Haliotis spp. – 4 species
Abalones are highly-valued but slow growing, herbivorous marine snails. They belong to a large class of molluscs (Gastropoda) with single-structured shells. There are over 100 species worldwide in the single genus Haliotis, which means ‘sea ear’, a reflection of the flattened shape of the shell. It is no surprise then that it is called ‘Oreille de Mer’ in France. Abalone shells can be oval or rounded, with a row of respiratory pores and large dome towards one end. They are edible molluscs and considered a delicacy. The inner shell of abalone, which has an iridescent green, blue, or pink sheen, is a source of mother-of-pearl
The strong, muscular foot generates enough suction to allow the abalone to fix itself firmly to rocky surfaces, and enables it to withstand the strong buffeting of the waves. They are found from the intertidal to the depth limit of marine plants, some 80 -100m, from tropical to cold waters. They feed mostly on seaweed, which they trap by marginally raising the front end of the ‘foot’, and when a piece of seaweed drifts underneath, the foot clamps down on it.
Worldwide there are approximately 100 species of abalone, of which about 15 are harvested commercially. Demand for this delicacy has outstripped the natural supply, with a resulting growth in mariculture. The principal countries producing cultured abalone are China, Taiwan and Japan. Several other countries including Australia, Chile, Iceland, Ireland, Mexico, New Zealand, South Africa, Thailand, and the United States are still developing significant abalone mariculture industries. The story of depletion of the ocean’s abalone stocks is not encouraging in all of these countries, with reductions running from 50 to 95 percent in the commercial catch over the past twenty quarter century.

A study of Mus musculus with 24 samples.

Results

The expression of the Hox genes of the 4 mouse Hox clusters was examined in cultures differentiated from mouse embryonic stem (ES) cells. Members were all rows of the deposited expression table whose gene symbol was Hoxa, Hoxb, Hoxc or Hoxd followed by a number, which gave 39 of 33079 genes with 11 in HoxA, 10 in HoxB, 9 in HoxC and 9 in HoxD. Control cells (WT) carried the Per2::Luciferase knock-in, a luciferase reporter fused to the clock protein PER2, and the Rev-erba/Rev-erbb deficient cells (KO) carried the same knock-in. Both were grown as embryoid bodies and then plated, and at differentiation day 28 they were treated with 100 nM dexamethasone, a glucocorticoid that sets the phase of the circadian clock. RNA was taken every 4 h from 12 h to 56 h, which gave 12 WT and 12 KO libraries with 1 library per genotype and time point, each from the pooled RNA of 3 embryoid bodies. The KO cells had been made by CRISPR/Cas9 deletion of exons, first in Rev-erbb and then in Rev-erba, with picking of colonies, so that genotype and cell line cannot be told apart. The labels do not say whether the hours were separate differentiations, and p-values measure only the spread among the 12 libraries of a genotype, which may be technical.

Called awabi in Japan, there are a number of species to be found in the waters of the region. In Japan alone there are 10 species, of which only four constitute staple food products. Despite a large volume of imported species for local markets, there is a distinct preference in Japan for a local Japanese green abalone called ezo awabi (Haliotis discus hannai), the only species eaten live locally.
This species is found in the more southerly part of the region, and is similar to the more northerly kuro awabi (Haliotis discus discus). Feeding on brown algae, they are on or under rocks from the inter-tidal zone to about 20m, the shell grows to 15cm, with 4-6 open, nearly circular perforations, with a spiral groove to the right of the perforations. Of the total catch ezo hawabi supplies 58%.
The giant abalone (Haliotis gigantea) grows to 200mm. The shell has a tinge of iridescent shades of blue, green and bronze. Any pearls that the animal produces as a reaction to irritants within the shell have the same colour range. The species Haliotis sieboldii grows to 150mm.